The story of Elouan begins back when former owner and winemaker Joseph “Joey” Wagner was 19, the age at which he first started working with his father at Napa Valley’s legendary Caymus winery.
Not long after that, in the year 2006, Joey struck out on his own, founding his own wildly popular label, Meiomi.
After ramping up production and finding a very enthusiastic fan base, Joey Wagner sold the Meiomi brand to Constellation Brands, one of the largest carriers in the world of wine, beer, and spirits, in 2005.
The brand remains incredibly popular today and has a dedicated following.
Meiomi Pinot Noir Review
This is definitely an atypical, hedonistic style for Pinot Noir.
I would not be surprised if there was a bit of a more robust grape, such as Petite Sirah, blended in the mix to help bump up the body and the complexity of the wine.
Meiomi Pinot Noir
- Brand: Meiomi
- Country: United States
- Region: California
- Wine Type: Red Wine
- Varietal: Pinot Noir
- ABV: 13.5%
The wine is incredibly dense and dark in the glass, which the winery attributes to using cold-soaking methods during the winemaking process.
Given a good swirl, the wine develops intense, thick legs in the glass, which settle and fall quickly.
The wine smells particularly jammy and a bit sweet. There are aromas of stewed cherries, sweet strawberry candies, rich milk chocolate, and heavy, toasted oak present.
Distinctly New World in style, the fruitier and richer aromas sit in the forefront here, though there are some nice secondary aromatics of baking spice, such as nutmeg and cinnamon.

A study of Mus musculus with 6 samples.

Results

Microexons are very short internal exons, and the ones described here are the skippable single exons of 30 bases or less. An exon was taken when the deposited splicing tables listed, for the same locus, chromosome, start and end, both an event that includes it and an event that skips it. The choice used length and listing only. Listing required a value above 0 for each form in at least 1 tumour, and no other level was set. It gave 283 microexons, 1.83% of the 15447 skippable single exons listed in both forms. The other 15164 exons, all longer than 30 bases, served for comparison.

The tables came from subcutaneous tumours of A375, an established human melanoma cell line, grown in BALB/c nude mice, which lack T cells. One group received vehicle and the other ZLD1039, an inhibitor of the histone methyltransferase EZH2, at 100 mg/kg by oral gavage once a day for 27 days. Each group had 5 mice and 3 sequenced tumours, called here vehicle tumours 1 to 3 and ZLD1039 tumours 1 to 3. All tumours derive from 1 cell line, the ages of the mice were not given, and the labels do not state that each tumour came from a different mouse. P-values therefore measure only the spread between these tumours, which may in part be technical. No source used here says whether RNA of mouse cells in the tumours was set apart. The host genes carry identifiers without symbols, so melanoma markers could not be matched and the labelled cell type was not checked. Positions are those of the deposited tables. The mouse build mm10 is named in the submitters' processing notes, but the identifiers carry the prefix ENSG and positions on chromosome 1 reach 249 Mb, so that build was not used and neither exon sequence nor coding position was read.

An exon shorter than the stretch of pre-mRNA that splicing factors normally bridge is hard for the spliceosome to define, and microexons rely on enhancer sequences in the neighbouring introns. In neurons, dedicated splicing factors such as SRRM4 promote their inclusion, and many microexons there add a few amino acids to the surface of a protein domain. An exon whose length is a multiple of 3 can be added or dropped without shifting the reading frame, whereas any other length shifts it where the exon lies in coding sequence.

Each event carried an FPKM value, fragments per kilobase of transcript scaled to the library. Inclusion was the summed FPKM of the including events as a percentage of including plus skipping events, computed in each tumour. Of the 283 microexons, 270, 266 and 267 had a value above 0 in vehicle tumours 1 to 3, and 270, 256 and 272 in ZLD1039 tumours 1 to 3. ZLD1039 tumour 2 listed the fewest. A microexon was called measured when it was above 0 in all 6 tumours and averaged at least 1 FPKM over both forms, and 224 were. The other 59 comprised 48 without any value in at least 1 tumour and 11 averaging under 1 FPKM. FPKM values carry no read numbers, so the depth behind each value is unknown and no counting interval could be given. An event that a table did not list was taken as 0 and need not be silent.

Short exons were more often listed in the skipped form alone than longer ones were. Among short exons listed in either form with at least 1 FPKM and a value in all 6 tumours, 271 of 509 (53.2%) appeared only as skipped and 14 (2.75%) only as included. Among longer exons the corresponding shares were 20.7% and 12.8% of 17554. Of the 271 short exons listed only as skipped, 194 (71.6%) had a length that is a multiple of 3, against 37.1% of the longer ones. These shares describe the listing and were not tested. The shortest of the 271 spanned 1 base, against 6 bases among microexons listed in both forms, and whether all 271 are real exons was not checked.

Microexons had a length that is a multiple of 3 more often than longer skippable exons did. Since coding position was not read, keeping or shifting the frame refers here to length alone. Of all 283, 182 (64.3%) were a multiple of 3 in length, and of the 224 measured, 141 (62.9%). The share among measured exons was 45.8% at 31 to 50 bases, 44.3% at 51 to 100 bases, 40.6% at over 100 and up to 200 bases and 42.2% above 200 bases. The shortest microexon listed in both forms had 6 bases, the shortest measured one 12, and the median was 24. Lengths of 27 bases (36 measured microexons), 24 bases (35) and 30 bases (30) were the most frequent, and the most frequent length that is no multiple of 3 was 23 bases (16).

This is definitely a rich Pinot Noir through and through. There is higher residual sugar here than there is in most Pinot, and the body is incredibly hefty, even for California juice.
There are notes of intense maraschino cherries, overripe strawberries, and cocoa powder which come through immediately.
After that, you get plums, ripe blueberries, allspice, and cinnamon, framing up the tasting experience.
The finish is incredibly long and sits with you for quite a while after your final sip.
There is also a bit of warmth here from the alcohol, which I was not expecting considering that, while high for a Pinot Noir, the abv isn’t through the ceiling.
What Does Meiomi Pinot Noir Pair With?
This is a pretty easy bottle as far as food pairings go.
Due to the heft and robust fruit here, I would recommend pairing it with simpler, hearty comfort foods.
For an easy Tuesday night option, go for a nice, juicy hamburger topped with smoked gouda and a side of fries and call it a day.
It also does especially well with fried chicken, lamb chops, and beef stew.
What Are Wines That Are Similar to Meiomi Pinot Noir?
I would recommend trying some of Joey Wagner’s other offerings.
Many old-school fans of Meiomi have told me that it just doesn’t taste the same as it used to, and I have had a lot of success playing with the rest of his portfolio.
Eloun and Boen both come to mind and are similar as far as both flavor profile and price point.
For a bit of a step up from there, I would try his Belle Glos line. They are all single-vineyard offerings sourced from highly notable sites in California.
If you want to really ramp up the intensity while keeping a lot of the same fruit profile, I recommend trying Petite Sirah.
It is big, inky dark, and incredibly rich, though with more structure than this particular bottle.
Petite Sirah is also the secret sauce in a lot of notable blends, including Abstract, Dreaming Tree Crush, and Bogle’s Phantom.
This is a wildly popular bottle, and I can see why. It has some serious mass appeal and is incredibly drinkable.
It wasn’t for me personally, but I am admittedly a bigger fan of the French stuff than American when it comes to Pinot Noir.
Sunday 15th of January 2023
I purchased several bottles of this wine at Perines stores for Christmas gifts and had to discard two bottles that I opened for my guests because they tested like vinegar. Prior to this experience, my guests and I loved this wine very much. Hope that my Friends who I gave this wine didn’t have the same experience. I am afraid to ask.